Solo founder of a tech startup, Vidya Vellala gets ready for the SaaS raceAthira Nair
Vidya Vellala was first bitten by the entrepreneurial bug about a decade ago. Having worked as a tech team lead in MNCs including SAP Labs and Cognizant, it was a tough decision to leave a stable job to startup at the age of 40. But Vidya, an MCA graduate, quit her job in 2013 and enrolled in a Management Programme for Women Entrepreneurs (MPWE) at IIM-B, post which she started working with multiple startups like Mobiotics to understand the ecosystem. “I wanted to put in the same effort in my own venture. I have nurtured that enthusiasm for 10 years,” says Vidya.
A dream of many
Most success stories have a family element. Vidya’s is an endearing one. Born and brought up in Kadapa, Andhra Pradesh, Vidya is the oldest of four sisters. “I was also the handyman and my sisters’ teacher at home. I was to set an example for them,” she says. She recollects having to make calls to customer service call centres for any complaints. “I got to know what a pain it is. That’s how I closed in on the idea of Evayadesk – a platform to make customer support easier for both parties,” she says.
Vidya’s inspiration is her mother Bhavani, who used to run a cottage industry for manufacturing products like toothpaste and agarbathi. Vidya’s father, V Subramanya Sastri, is her pillar of strength. “My father wants to empower every woman; he never criticised me,” she says proudly. He believed in her, and she has not let him down. “When I was in seventh grade, he gave me a bike and asked me to ride it - with no training, or even riding a bicycle ever before. And I did,” she laughs.
Sachin Bansal might be the country’s startup star, along with his Flipkart co-founder Binny Bansal. But he once said, “It’s lonely at the top.” As a solo founder Vidya might have miles to go, but that does not worry her. Her family moved to Bangalore 17 years ago. Vidya gets ample support from her three sisters, who are all MCA graduates and experts in database and UX.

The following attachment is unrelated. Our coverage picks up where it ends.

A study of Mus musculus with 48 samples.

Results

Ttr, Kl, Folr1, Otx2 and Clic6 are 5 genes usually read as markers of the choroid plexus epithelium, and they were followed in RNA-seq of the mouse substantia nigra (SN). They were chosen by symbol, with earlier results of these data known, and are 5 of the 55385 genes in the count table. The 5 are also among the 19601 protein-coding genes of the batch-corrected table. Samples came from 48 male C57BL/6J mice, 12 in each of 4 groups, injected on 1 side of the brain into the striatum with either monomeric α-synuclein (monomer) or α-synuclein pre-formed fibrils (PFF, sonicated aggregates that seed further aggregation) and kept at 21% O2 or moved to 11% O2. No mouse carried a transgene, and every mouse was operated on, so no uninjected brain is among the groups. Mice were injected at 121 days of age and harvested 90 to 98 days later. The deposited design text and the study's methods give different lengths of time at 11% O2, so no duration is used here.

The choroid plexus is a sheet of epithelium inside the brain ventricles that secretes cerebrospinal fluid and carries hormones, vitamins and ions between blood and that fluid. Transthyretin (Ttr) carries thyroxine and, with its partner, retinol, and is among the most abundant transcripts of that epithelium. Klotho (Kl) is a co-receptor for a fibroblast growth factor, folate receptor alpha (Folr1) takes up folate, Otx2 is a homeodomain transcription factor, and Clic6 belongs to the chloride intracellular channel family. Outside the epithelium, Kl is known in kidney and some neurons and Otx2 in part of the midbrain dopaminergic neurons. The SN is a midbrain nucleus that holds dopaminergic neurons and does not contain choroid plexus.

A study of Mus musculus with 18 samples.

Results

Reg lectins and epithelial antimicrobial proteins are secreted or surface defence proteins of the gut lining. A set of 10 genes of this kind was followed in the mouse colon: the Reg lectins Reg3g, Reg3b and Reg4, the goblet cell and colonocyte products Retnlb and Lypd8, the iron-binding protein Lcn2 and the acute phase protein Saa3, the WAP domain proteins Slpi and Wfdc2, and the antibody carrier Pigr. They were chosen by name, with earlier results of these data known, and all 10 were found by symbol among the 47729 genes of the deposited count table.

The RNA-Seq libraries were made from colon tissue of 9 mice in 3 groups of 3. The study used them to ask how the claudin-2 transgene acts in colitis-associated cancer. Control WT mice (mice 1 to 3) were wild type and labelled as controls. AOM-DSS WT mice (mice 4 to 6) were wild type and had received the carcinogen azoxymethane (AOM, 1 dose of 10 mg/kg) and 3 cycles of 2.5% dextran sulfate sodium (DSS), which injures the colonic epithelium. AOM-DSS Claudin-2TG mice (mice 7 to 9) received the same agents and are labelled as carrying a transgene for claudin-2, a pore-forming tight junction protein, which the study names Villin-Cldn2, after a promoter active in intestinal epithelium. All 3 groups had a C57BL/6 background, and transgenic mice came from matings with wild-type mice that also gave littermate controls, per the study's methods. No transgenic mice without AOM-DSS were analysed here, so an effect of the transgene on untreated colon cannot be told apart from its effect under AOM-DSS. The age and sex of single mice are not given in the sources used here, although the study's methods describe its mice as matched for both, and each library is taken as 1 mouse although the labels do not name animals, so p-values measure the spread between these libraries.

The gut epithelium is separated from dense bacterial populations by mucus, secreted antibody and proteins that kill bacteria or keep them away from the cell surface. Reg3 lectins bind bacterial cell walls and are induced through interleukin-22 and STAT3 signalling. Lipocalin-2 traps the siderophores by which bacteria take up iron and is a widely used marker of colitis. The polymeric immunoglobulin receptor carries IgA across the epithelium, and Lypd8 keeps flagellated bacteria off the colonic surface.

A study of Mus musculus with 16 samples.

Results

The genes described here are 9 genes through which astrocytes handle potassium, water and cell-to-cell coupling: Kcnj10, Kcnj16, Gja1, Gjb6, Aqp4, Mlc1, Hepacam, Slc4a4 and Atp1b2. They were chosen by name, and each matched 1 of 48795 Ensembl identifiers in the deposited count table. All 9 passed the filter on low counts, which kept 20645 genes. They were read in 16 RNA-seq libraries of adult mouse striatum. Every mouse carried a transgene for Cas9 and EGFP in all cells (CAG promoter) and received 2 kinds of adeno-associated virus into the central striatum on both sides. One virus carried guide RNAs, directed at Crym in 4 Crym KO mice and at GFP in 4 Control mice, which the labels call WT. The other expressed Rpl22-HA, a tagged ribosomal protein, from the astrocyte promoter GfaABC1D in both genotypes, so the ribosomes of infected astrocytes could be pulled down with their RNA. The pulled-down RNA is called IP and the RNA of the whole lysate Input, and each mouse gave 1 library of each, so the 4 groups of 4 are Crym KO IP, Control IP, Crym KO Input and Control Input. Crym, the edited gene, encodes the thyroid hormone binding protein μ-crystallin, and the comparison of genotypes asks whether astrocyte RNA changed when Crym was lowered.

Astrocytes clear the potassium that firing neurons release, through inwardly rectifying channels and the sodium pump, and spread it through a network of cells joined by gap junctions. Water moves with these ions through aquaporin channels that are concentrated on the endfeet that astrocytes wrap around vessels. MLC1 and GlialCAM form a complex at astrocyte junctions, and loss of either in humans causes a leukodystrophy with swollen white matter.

“I do not have a co-founder, but I never feel alone,” she says. But she is open to the idea. “I did not want to delay starting up because there is no co-founder. If successful, there are people who can come and join me,” she adds.
When hiring a new employee, attitude is the most important trait she looks for. “Skills can be built; but not attitude. I want to help bring more women into this field,” says Vidya. She has also faced the biggest challenge for any women entrepreneur – investors’ lack of trust. But Vidya believes that nothing should demotivate when you are determined. “For women to start up more, we have to change the system, and I am happy to be part of the change,” she says.
A ‘cloud’y future
Evayadesk charges $25 for 500 tickets per month. Currently, they are doing trials with 30 companies, and are targeting at least 500 businesses. “It is a huge effort, but I am determined. Building technology comes easily to me; it is marketing that is difficult. But facing challenges is part of this adventure,” says Vidya. She believes that only in-born marketing can work for scaling up globally, and hence does not do direct sales. “We are now doing digital marketing via email and blog. Traditional marketing would not work in this sector since Evayadesk is a cloud-based platform,” Vidya adds.
A recent study by Google and Accel India says that Indian SaaS companies will hit $10 billion revenue by 2025. It adds that there are more than 500 SaaS startups in India. Competing against the likes of Freshdesk, Supportbee, and Zendesk, Vidya is eyeing foreign markets too. She is hoping to raise Rs.1 crore in seed funding.
More innovations coming up in the sector is only a matter of time. With Freshdesk’s recent acquisition of Airwoot, customer engagement via social media has gained attention. Will she consider a similar acquisition? “When the time comes, yes I want to acquire startups in the same field – like those which provide, say, automatic chat for customer support,” says Vidya.
Being in a startup demands that you to do more than just your job – you have to play many roles in parallel. So, does she feel that she lost out on an easier job? “I don’t talk about losing, because I have not lost anything. I believe that there is no need to worry about funding; just keep working hard until you achieve what you want,” says Vidya. Her eyes light up at the thought of more hardwork– perhaps that is what success demands.